Adding my congratulations

Posted by on November 9, 2020 in Black lives matter, Blog, feminism, Law, Lockdown, News, Politics, Women's equality issues | 4 comments

Kamala Harris/Gage Skidmore/flickr

Like everyone I know and care for, there was that magic moment on Saturday November 7th when the news finally broke that Joe Biden had won the US Presidential election. I whooped and danced, messaged everyone, shared the ludicrous images of Trump refusing to admit defeat, got out some old CDs and played them with the volume turned up: Bruce Springsteen (who else?), Leonard Cohen (Democracy in the USA), and the first album by a West coast band called Spirit. If it hadn’t been for lockdown I would have organised a street party.

I rang one of my American cousins in D.C., and we shared laughter and joy that four years of lies, corruption, meanness and cruelty would now come to an end. I cried listening as CNN reporter Van Jones was brought to tears as he spoke of how this news would make it easier to be a parent and he would tell his kids that character and honesty matters. He said that it would now be easier for many people – Muslims, immigrants, dreamers – and that this was vindication for many people who have really suffered. He spoke eloquently of people who had felt that they could not breathe but would now be able to get some peace. I had the feeling that for him it was as if four years of living in a pressure cooker was coming to an end, and that decency would prevail.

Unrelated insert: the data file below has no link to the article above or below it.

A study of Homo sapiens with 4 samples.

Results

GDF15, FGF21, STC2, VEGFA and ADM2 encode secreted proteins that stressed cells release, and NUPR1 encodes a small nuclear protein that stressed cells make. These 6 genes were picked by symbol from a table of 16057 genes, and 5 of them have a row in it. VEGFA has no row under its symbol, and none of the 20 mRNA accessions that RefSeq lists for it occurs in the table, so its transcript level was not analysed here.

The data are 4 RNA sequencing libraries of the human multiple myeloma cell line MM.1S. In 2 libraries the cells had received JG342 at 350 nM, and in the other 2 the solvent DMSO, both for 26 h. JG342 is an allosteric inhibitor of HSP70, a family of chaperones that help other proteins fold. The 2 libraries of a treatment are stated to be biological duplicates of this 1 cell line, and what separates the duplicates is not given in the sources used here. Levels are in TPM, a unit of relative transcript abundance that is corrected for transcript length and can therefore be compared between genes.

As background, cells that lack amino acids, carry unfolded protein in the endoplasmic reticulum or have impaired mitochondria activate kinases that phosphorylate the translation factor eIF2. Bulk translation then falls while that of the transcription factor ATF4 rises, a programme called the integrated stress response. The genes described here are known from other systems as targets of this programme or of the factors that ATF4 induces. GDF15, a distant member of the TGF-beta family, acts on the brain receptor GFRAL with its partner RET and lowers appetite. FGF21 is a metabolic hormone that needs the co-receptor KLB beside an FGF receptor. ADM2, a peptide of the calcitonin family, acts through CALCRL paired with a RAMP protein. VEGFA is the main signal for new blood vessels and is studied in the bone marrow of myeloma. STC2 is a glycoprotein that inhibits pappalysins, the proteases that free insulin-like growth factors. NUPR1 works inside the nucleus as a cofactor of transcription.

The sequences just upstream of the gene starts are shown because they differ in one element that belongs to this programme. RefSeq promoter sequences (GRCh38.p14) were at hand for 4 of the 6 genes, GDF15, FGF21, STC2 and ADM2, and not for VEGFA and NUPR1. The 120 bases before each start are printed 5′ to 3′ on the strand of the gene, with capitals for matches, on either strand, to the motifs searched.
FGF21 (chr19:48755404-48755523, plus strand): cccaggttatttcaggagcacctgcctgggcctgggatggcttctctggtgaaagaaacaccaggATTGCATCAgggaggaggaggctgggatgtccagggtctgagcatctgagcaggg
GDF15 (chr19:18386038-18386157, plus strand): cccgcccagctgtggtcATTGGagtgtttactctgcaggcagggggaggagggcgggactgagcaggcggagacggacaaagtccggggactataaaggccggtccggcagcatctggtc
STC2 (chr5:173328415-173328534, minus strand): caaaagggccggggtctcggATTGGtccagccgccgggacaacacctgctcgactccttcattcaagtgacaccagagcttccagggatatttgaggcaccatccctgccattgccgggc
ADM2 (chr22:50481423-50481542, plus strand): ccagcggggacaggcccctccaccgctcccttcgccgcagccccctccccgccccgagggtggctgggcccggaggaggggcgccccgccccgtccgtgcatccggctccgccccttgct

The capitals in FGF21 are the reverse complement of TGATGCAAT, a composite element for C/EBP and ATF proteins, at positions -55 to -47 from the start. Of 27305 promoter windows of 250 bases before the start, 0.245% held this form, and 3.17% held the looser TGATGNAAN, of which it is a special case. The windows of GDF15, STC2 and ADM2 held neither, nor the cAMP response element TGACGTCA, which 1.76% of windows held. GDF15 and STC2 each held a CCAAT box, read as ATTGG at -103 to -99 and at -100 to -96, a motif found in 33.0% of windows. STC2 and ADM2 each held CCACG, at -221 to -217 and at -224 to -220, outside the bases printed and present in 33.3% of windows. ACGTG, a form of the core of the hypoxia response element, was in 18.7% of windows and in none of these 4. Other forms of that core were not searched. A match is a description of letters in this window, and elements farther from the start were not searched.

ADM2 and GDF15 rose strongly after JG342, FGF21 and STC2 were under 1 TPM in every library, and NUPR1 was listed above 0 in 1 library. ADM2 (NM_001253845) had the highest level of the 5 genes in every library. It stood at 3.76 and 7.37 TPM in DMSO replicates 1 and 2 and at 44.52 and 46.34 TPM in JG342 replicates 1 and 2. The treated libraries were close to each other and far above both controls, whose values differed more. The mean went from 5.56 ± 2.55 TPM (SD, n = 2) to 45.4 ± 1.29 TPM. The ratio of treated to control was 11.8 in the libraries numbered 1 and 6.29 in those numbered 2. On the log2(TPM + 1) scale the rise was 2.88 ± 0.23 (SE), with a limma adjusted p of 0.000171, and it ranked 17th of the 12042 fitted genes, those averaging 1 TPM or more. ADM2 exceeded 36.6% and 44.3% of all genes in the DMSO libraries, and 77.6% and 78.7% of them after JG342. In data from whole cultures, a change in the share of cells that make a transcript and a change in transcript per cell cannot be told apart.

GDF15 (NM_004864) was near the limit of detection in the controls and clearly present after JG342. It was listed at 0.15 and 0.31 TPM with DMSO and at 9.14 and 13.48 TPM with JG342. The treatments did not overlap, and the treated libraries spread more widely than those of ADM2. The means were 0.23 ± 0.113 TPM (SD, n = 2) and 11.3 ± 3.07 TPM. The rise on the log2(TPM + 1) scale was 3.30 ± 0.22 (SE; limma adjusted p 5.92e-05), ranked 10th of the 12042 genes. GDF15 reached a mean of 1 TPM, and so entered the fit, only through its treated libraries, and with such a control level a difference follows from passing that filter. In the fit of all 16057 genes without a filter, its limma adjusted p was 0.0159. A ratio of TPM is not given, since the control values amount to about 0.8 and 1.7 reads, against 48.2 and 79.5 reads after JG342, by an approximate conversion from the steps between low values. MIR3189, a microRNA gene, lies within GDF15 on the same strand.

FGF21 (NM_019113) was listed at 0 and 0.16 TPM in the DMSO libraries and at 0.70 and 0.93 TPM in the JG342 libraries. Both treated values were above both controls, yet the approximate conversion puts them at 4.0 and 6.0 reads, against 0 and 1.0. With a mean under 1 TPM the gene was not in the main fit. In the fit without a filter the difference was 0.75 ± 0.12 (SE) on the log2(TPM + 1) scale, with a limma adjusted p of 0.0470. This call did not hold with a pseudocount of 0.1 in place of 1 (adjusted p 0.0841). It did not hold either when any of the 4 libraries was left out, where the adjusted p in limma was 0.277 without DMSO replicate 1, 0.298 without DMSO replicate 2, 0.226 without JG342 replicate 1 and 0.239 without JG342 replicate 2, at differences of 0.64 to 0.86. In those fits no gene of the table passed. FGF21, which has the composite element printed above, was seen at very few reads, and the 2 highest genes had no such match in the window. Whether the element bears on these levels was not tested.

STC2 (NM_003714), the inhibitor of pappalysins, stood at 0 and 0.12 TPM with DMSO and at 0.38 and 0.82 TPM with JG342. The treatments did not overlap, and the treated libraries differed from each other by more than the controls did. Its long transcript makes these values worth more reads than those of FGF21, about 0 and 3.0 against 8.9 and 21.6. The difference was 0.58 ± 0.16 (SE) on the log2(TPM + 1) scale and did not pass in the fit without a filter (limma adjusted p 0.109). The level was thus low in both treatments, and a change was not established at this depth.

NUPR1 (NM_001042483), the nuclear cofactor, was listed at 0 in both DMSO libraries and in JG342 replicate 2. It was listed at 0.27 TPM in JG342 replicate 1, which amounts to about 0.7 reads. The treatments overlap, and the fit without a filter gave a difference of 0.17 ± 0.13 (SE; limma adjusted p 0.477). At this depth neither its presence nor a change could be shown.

Then I turned my attention to the Vice-President elect: Kamala Harris, born in California of an Indian mother and Jamaican father.  She was the first female district attorney of San Francisco, the first female attorney general of California, the first Indian American in the US Senate and the first Indian American candidate of a major party to run for vice-president. Soon she will become the first female vice-president. Extraordinary.

She became an activist in her teens, living with her mother in Canada after her parents separated. At 13 she mobilised neighbourhood children to protest against rules that stopped them playing on the lawn in front of their apartment building. She returned to the US to study law at university, and her career took off from then.

She has apparently stated that she would ensure that a Biden administration Department of Justice would pursue criminal obstruction of justice charges against Trump for his apparent collusion with Russia as outlined in the Mueller report.  I assume it won’t be personal, but in my view she could be excused if it was. Trump has variously called her ‘a monster’, ‘horrible’, ‘extraordinarily nasty’ and accused her of not having been born in the US and therefore ineligible to run for Vice-President. Just one more of his lies.

When Harris decided to run for Vice-President, the old sexist tropes started. She was ‘too ambitious’, according to some of Biden’s allies. She was also accused of being unlikeable and disloyal to him. I think we would all agree that she has been a great support during his campaign and will work with him assiduously.

This quote from Harris is a gem and tells us that her critics might as well shut up and go home:

‘I have in my career been told many times, ‘It’s not your time. It’s not your turn.” And let me just tell you, I eat “no” for breakfast, so I would recommend the same. It’s a hearty breakfast’.


  1. Adding my congratulations too!
    What a result , what a relief because we would put nothing past that man. How has he been allowed to lead for so long?
    Why would millions vote for him? It’s a mystery to me.
    A great article Barbara especially the background on Kamala Harris.

    • A mystery to me too!

      Dame B

  2. Yes, yes and yes!!!!

  3. A comment from Gabriel Hershman:

    Your friend Barbara is totally right. I think that most ‘normal’ people everywhere will agree that Trump had to go because he himself isn’t normal. I think Kamala Harris looks like a good pick.